Campus Seeks to Reverse Dropout Trend

Jae Yoo

Two years ago, Dr. Nancy Knight, vice president of college services at GCC, was concerned about the increasing rate of students failing to return to campus each semester and was determined to do something to reverse the trend.

Knight’s vision was the springboard for the Retention Program launched last spring.

Its mission was to find out why students had not returned, and to help those who wanted to get back on track meet their academic goals.

“Of course, some [students] don’t come back because they’ve successfully transferred,” said Susan Borquez-Dougherty, who is the Student Services Coordinator-Retention. “However, most students do not [transfer]. Our focus is for those students who drop out to stay in school.”

A recent survey conducted by Research and Retention tracked responses of 606 of the 4,809 students who had left GCC in the spring of 1999. Of those who responded, 159 students had completed their goal or had moved. Of the remaining 447 students, 60 percent did not return because of scheduling problems, 34 percent because of family and health issues, 22 percent because of parking issues, another 22 percent because of things such as the “unfriendliness of people” on campus, and 20 percent due to financial difficulties (some responded positively to more than one question).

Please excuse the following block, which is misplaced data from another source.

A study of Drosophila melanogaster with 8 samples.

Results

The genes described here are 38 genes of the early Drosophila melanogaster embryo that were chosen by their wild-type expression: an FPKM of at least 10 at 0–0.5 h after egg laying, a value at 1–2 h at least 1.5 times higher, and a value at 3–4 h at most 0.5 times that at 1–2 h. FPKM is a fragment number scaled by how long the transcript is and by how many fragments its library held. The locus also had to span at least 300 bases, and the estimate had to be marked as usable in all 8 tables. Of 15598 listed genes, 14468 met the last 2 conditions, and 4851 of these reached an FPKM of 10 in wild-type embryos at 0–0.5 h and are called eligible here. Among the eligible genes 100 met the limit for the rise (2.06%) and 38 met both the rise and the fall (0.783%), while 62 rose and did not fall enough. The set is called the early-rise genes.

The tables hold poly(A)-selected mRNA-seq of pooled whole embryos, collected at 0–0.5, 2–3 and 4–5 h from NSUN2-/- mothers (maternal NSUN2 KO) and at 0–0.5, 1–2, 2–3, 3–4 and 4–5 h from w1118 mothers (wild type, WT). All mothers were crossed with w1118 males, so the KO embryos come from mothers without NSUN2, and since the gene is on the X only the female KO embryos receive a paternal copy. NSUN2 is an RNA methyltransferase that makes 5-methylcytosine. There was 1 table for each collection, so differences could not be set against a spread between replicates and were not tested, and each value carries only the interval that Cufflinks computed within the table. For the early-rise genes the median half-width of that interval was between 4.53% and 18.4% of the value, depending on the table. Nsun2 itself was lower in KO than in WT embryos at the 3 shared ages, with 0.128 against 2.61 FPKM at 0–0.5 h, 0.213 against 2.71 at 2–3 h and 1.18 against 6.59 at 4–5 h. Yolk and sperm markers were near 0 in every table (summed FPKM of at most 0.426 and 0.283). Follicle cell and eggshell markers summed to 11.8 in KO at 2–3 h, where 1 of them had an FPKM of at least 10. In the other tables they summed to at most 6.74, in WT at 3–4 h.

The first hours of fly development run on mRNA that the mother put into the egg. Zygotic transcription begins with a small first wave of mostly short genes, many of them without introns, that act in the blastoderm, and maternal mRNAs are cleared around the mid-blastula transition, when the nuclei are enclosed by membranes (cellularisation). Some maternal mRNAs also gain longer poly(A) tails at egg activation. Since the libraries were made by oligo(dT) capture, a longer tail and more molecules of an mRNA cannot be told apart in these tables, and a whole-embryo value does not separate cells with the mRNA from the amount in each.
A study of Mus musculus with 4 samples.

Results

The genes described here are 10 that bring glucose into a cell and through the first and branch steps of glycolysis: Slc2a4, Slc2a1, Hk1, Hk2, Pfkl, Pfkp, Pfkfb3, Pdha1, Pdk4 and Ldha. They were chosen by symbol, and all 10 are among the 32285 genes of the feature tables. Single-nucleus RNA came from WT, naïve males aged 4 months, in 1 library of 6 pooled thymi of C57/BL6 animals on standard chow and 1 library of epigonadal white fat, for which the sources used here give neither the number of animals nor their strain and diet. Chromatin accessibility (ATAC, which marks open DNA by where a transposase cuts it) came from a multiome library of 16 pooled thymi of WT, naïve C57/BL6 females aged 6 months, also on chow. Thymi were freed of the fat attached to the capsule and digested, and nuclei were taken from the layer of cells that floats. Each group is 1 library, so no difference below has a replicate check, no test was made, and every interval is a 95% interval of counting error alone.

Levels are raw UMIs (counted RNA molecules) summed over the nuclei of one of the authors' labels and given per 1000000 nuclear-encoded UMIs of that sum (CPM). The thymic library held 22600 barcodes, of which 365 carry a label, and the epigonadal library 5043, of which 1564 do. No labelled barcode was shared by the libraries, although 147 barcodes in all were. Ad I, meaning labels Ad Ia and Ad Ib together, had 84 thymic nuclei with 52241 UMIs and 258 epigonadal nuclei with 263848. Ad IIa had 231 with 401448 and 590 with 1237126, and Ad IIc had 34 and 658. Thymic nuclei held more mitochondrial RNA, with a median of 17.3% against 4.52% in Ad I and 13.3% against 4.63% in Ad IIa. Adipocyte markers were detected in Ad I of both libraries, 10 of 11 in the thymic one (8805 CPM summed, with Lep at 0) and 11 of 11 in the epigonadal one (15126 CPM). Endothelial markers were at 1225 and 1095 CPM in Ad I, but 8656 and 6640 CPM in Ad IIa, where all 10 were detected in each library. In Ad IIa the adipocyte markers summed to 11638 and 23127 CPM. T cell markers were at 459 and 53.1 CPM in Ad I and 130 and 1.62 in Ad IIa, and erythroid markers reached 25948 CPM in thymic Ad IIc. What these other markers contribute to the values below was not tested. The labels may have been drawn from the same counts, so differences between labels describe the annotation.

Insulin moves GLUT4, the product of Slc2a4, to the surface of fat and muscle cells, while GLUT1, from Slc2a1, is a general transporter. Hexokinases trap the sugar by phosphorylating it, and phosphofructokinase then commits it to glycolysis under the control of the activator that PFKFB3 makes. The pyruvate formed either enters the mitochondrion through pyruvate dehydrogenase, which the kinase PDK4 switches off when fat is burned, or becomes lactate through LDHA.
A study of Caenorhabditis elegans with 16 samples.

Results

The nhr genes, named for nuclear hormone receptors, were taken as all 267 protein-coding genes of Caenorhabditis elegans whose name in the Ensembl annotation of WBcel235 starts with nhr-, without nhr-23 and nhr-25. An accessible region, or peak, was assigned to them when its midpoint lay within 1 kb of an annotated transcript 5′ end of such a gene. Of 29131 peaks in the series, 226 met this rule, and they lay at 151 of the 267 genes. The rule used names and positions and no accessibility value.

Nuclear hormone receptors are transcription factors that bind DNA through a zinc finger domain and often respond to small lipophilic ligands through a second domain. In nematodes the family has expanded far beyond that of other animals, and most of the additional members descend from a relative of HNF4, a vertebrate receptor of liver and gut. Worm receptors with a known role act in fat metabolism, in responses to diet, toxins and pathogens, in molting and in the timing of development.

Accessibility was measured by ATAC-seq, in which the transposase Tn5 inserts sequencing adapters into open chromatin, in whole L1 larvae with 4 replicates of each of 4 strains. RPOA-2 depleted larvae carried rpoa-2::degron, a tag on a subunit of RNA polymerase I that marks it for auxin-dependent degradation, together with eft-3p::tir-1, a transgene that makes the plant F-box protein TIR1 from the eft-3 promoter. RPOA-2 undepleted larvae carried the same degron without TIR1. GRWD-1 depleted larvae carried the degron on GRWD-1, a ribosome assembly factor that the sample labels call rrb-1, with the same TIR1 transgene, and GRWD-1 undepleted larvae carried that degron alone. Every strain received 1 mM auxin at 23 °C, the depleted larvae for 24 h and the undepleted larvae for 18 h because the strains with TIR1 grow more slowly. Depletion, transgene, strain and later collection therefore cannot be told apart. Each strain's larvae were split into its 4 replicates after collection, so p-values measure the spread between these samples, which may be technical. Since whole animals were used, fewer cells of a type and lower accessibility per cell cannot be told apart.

“Over 70 to 80 percent of the calls [from the office of Retention Services] to students don’t do anything,” said Alina LaManna, 20, one of Borquez-Dougherty’s three assistants. “Most students already have their minds set and don’t come back.”

Donna Langford, 41, did not return the following semester after attending GCC in the fall of 1999. She responded to a call from LaManna, telling the student worker that she had dropped out because of surgery. “I assisted her with information this semester and she’ll enroll in the second nine-week [session],” said LaManna.

One student had dropped all her units because of the bus strike. Another non-returning student turned out to be a Cal State Northridge student, who had taken one math class the previous semester. One had difficulties with his classes, while another was an international student who returned to Japan.

The office of Retention Services does more than just keep tabs on who has not returned. It also focuses on outreach and intervention for existing students. Such efforts include making tuition reminder calls, welcome and information letters to new students, outreach calls and letters to students who have dropped all their units, and Early Alert follow-up calls to students that are at risk of failing a course.

“We’re reaching out to lost students, and to existing students to prevent them from dropping out,” said Borquez-Dougherty. “Feedback from students tells us that we are accomplishing what we want,” she said. “They’re really glad that we notice they’re gone.”